The last destination race I ran was at the Rock ‘n’ Roll Las Vegas half marathon, which is definitely a tough act to follow. Fortunately, the Rock ‘n’ Roll Seattle half marathon was just as much fun, although a little different when it came to pre and post-race activities. Most people have enough trouble as it is to fit in some type of workout when traveling, having to run a half marathon is a whole other issue. But I knew I would be able to run it around my average time. The plan was to spend the day in Vancouver and then drive back to Seattle the night before the race. Unfortunately, there was a huge line at the Canada/US border so I didn’t get into Seattle until very late at night. I ended up only get about 3 hours of sleep before the race! Despite that, I was still able to run a pretty decent time. Results: 1:37 (7:24 min/mile), 36/540 age group, 197/4125 males, 234/11071 overall. What was even more impressive was my splits throughout the race: 5K, 23:59 (7:44 min/mile), 10K, 47:06 (7:35 min/mile), 10 mi, 1:15 (7:30). So I was able to run negative splits throughout the race and because of that, was able to pick up the pace later on in the race and have a strong finish.
I liked the course, although there were a lot more hills than I expected there to be. There wasn’t any specific hill that was very difficult, just random rolling hills throughout. The start was great because it was right inside Seattle Center, where the Space Needle, Chihuly Garden and Glass Museum, and International Fountain were located. What was even cooler was that they had fireworks at the top of the Space Needle so they used that as the starting gun for the race! The race took us through most of the popular sights of Seattle including Pike Place, the Waterfront, near their sports arenas, along Lake Washington, even through a tunnel that was at least a mile long.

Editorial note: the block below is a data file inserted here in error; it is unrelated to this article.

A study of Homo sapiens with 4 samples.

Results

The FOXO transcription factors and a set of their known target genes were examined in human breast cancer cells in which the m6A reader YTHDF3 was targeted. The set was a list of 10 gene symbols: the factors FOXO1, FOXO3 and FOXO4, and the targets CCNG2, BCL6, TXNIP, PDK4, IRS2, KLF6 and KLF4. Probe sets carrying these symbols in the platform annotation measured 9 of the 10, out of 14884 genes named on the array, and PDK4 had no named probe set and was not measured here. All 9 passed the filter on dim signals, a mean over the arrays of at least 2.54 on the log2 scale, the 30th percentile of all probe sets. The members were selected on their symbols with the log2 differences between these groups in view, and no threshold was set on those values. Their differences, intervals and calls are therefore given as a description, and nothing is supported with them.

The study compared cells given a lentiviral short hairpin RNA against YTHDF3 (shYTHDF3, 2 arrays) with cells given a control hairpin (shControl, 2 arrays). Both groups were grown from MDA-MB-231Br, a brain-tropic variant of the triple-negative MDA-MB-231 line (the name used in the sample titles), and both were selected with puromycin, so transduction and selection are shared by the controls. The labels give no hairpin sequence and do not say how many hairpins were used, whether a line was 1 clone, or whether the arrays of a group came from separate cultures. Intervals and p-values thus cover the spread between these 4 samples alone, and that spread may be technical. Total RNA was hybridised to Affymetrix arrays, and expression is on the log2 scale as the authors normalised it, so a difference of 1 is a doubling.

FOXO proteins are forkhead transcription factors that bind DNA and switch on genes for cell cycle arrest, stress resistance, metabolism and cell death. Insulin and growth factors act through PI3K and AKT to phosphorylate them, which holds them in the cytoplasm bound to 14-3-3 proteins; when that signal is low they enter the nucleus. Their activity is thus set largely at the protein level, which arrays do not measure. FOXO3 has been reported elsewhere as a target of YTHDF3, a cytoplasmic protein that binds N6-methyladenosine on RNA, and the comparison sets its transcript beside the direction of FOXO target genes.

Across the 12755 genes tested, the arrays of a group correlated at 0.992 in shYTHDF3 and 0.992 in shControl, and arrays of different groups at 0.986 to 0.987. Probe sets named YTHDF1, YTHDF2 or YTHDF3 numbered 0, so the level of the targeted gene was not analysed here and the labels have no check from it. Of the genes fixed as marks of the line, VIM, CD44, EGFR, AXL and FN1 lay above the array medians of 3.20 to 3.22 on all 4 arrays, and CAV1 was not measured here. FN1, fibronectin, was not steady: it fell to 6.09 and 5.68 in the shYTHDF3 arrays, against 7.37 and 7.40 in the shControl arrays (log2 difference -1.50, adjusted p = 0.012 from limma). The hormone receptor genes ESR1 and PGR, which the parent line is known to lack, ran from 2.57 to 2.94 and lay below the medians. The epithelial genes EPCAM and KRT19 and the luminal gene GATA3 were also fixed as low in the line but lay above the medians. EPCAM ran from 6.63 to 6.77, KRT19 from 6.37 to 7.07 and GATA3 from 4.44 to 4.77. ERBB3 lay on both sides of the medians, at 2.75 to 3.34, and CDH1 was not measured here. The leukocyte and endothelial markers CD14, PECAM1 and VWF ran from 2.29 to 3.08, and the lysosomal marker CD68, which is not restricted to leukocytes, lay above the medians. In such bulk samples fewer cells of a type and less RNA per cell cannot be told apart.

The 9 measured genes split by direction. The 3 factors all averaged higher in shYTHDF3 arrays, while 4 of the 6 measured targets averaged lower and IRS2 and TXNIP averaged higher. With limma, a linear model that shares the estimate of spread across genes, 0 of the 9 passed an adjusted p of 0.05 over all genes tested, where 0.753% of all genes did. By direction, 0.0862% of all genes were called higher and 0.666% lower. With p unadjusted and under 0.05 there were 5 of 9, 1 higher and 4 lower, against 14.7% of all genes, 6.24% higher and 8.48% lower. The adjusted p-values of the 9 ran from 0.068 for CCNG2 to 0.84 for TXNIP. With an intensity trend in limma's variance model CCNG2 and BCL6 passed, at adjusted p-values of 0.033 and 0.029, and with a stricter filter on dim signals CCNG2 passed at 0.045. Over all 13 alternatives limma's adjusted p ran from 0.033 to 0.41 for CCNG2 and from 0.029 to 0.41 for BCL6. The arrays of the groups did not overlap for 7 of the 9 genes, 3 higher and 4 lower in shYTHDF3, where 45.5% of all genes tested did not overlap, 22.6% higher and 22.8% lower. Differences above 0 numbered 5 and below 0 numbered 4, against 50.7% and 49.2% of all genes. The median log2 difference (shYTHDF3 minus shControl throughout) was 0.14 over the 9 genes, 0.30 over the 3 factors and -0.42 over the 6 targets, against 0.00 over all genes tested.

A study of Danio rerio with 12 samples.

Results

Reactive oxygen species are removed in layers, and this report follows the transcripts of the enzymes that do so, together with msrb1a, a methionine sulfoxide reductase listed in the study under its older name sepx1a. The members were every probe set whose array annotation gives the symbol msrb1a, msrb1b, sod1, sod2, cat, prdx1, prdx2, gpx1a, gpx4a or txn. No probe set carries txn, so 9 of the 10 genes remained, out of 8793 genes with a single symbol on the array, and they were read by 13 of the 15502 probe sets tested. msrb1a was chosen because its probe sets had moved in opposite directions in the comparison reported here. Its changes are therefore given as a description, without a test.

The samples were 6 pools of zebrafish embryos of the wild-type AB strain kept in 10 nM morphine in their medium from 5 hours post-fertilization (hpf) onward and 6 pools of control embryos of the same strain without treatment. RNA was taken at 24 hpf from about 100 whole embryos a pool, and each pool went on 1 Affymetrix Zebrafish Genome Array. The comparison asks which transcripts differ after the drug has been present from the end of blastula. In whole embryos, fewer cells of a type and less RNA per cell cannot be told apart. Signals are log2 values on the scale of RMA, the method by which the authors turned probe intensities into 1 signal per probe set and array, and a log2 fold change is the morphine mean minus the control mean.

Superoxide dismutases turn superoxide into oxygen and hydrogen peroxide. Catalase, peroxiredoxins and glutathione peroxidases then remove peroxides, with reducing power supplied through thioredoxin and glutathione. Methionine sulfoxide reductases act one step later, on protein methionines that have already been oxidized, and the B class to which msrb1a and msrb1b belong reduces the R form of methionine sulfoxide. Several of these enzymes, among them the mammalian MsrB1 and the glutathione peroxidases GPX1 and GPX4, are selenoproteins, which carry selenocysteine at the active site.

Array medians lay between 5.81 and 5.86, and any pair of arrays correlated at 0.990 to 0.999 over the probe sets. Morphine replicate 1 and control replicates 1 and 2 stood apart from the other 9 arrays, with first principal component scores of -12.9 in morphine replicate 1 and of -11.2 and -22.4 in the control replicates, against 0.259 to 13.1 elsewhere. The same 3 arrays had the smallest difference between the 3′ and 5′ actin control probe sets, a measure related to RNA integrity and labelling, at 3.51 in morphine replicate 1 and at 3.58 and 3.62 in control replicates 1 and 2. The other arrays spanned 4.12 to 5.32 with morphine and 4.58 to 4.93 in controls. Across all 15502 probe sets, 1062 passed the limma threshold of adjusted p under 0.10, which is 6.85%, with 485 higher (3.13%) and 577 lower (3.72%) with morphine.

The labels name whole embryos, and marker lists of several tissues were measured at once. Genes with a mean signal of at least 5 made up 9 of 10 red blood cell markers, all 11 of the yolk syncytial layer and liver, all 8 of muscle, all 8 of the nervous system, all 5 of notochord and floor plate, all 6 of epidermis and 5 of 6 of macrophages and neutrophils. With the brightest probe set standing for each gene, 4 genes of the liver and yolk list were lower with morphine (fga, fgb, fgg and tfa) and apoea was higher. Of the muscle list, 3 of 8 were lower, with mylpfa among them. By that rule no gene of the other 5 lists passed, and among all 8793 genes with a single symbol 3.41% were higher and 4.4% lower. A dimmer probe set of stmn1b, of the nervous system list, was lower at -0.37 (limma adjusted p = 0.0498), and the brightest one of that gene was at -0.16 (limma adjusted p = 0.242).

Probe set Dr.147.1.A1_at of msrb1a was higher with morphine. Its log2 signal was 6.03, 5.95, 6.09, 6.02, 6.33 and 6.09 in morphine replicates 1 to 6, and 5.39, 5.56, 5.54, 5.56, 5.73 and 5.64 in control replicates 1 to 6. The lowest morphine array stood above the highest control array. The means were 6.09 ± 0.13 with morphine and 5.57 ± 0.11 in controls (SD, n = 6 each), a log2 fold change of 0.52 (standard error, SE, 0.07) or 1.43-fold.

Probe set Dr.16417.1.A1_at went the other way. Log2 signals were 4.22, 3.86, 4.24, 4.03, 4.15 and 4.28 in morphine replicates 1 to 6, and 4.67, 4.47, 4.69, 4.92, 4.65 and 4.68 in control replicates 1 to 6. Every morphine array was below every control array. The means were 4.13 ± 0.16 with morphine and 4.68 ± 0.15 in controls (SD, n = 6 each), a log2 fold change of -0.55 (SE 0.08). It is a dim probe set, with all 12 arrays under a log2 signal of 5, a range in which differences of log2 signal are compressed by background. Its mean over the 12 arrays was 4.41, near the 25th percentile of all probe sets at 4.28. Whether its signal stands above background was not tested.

A very special part of the race was dedicated to all of the fallen soldiers that have dedicated their lives to protecting our freedom. I felt honored to be able to run through all of the flags, signs and supporters along that particular part of the course. I found a photo of what it looked like to run through it. Learn more about the Wear Blue to Remember group here.
Before the whole border incident, I was thinking about how hard I wanted to run this race. I was deciding between 1:35 and 1:40. 1:35 would have been very hard to do, although I had just run that same time about a month prior. But I probably would have been too tired after the race to enjoy the rest of my vacation in Seattle. So I opted to run with the 1:40 pace group for at least half of the race and then see how I felt at that point. We ran under the 7:38 pace for about 8-9 miles, the tunnel was around mile 9, so I’m not really sure how fast that split was. But it was during the tunnel where I seemed to pick up the pace and left the pace group. I remember the last time I tried to do that, the pace group ended up catching back up to me and eventually passing me. But since this was a slower group, that didn’t happen this time around. The last 4 miles were 7:03, 6:44, 6:58 and 6:10. I remember being gassed by the final stretch of the race, which isn’t surprising now looking at my last mile! I was able to make one more push to the finish line (I think because I was trying to prevent one person from passing me..) It was a hard run, but I was able to recover quick enough to not be exhausted for the rest of the trip.
Check out some photos from the race.